Wednesday, February 19, 2014

Yucca Sandals #2

This post is a followup to the comment submitted on my earlier post (Thank you) about dry vs fresh fibers. The question at hand was about drying the yucca leaves before weaving them, but led to some interesting experiments in general.

Defining my goal

I am primarily interested in what can be done in the extremely short term (half-day timeframe) to protect the feet given no tools other than two working hands and only naturally occurring materials. Producing the best sandal possible from yucca might start with producing yucca rope, then making some Wuxi-style rope sandals. That would require a lot more yucca, a couple of days drying, and some simple tools. Perhaps I will make a "luxury" sandal when all this is done.

Yucca Sandals #2

General pattern
for sole
I picked the leaves and set them out on a dry indoor surface for 48 hours. Then I proceeded as before. The immediate results were pretty much what I had expected: The leaves had shrunk a little, though not much. They were much more pliable, too. I had been worried that in their softer state, the "skin" on the leaf might not hold together as well and they would just shred or tear rather than fold. That was not the case. They folded quite nicely, even bending without breaking at first, which let me fine-tune the location of the folds before committing. An additional advantage in using aged leaves was that the pointy-bits that stuck out were softer, and less likely to jab you in the foot.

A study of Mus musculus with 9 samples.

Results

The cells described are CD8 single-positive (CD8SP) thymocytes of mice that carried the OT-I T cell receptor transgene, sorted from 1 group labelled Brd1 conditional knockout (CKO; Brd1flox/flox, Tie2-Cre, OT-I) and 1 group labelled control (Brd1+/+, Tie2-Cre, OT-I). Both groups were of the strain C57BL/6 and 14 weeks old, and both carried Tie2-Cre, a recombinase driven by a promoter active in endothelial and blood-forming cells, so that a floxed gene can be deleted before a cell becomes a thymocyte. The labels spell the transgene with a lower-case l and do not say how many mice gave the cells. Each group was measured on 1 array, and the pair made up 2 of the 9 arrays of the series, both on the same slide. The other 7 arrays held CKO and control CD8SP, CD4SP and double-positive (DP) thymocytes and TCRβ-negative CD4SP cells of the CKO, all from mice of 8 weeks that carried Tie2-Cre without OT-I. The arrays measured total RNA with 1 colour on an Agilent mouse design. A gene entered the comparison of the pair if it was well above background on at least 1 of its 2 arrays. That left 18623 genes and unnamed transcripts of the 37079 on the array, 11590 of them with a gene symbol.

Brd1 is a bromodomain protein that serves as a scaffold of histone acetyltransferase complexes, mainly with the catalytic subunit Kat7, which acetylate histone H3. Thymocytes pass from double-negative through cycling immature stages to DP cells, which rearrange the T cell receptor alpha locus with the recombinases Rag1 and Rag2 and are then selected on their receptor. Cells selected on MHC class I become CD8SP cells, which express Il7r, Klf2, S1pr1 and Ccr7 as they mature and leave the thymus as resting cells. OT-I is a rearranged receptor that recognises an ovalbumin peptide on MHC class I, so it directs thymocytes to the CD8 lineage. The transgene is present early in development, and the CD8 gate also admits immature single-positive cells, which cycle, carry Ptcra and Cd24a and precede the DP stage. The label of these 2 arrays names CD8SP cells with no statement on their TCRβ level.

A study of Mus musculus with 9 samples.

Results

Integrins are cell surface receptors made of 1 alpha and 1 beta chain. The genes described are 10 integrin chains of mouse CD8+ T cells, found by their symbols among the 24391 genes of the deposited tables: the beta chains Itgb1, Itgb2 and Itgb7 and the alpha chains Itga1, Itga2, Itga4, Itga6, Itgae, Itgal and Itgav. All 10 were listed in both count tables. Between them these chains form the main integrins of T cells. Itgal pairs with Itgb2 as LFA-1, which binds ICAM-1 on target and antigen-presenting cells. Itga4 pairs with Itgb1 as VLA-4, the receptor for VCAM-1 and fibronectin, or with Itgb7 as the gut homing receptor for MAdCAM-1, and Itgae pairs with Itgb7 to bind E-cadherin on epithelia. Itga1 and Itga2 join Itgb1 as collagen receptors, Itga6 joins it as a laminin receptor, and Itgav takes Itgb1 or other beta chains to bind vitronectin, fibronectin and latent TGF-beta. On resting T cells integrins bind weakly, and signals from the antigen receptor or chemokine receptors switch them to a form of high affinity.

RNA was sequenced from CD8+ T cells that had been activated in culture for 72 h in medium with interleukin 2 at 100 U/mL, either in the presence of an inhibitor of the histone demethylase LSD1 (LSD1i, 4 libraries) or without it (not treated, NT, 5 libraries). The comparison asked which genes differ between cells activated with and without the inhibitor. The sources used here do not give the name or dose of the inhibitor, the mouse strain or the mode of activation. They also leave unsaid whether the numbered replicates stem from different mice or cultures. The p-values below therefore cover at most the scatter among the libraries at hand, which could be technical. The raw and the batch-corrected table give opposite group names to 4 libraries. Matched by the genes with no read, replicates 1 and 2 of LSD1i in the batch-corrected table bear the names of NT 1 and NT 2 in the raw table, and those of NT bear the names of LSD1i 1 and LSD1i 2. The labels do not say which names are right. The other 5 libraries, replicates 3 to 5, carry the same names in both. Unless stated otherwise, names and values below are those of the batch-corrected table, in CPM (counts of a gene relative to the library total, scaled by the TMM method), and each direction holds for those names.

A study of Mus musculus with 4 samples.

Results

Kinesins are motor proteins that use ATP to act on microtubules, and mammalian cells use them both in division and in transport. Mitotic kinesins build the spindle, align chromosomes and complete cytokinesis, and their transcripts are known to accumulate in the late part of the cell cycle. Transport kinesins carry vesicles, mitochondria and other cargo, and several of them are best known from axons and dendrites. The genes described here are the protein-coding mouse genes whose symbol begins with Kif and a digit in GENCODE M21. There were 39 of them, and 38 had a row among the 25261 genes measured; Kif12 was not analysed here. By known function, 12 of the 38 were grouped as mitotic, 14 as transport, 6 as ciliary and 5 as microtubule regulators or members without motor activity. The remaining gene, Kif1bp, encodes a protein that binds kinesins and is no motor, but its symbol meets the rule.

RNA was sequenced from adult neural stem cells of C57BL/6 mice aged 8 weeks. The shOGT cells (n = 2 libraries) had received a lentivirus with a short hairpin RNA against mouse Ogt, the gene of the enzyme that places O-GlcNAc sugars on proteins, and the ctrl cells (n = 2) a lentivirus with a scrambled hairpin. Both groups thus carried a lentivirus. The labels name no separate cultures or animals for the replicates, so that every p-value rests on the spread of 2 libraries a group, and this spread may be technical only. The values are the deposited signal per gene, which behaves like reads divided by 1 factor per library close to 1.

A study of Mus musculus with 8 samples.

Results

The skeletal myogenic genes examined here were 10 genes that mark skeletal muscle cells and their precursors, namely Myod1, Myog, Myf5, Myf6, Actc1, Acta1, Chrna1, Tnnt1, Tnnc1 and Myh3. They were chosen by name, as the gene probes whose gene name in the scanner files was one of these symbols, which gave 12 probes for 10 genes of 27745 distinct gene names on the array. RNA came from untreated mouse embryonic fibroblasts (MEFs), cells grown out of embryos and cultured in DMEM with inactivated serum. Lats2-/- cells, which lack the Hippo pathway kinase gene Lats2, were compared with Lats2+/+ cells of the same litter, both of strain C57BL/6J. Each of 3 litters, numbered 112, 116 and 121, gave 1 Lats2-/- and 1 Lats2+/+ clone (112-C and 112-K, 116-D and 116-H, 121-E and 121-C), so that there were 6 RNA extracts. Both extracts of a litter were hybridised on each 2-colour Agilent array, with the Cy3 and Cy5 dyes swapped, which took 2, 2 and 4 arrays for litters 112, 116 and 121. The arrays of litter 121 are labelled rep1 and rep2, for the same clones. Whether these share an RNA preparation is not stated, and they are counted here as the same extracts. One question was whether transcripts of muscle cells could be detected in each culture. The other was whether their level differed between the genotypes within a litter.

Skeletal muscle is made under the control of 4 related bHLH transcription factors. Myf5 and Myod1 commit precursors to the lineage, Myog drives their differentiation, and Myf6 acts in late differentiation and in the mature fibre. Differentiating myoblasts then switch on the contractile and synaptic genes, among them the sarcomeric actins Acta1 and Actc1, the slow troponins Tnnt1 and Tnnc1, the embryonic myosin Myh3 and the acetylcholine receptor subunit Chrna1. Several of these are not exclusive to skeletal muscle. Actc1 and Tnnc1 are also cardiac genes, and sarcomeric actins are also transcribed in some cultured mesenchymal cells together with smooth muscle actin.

The leaves had shrunk a bit before the weaving, so proceeding with the same construction as in case #1 led to a narrower sole. Easy enough to fix, if I wanted to: add another V strand when I start.

Overall, the resulting sandal was better than the first.

The surprise came the following morning:

Sandal #2 after 24 hrs
Sandal #1 after 24 hrs

While the gaps that formed were not nearly as big as before, they were still significant.

I was pretty sure this came from additional moisture leaving the leaves when I halved them before weaving, and possibly also from the breakage at the fold points. My conclusion is that just leaving the leaves to dry for a day doesn't get enough of the moisture out to avoid gaps and looseness in the sole.

Things I learned

Pattern for
"contrary" edges
  • The leaves still shrunk (again mostly on the width dimention) even after the leaves had been dried
  • Having the folds at the edges of the sole go the "easy" way rather than the contrary way lets the lacing move around a lot.  If I made them contrary it might make the laces more stable.
  • I can now make a single sandal sole out of freshly picked yucca leaves in about 10 minutes. I assure you that this is not a skill I had ever expected to acquire. The Computer Science Curriculum at university did not offer a class in Paleolithic Clothing Manufacture, but even if it had, I doubt I would have taken it. Live and learn.

Next Steps

Some more experiments suggest themselves:
  1. A third pair of sandals made with leaves that were sectioned immediately after picking, then left to dry for 48 hours.
  2. Drying the yucca leaves over a fire and trying to do it all in one day again
  3. Making a double-wide or double-long sole and folding it over to get a thicker and more protective sole.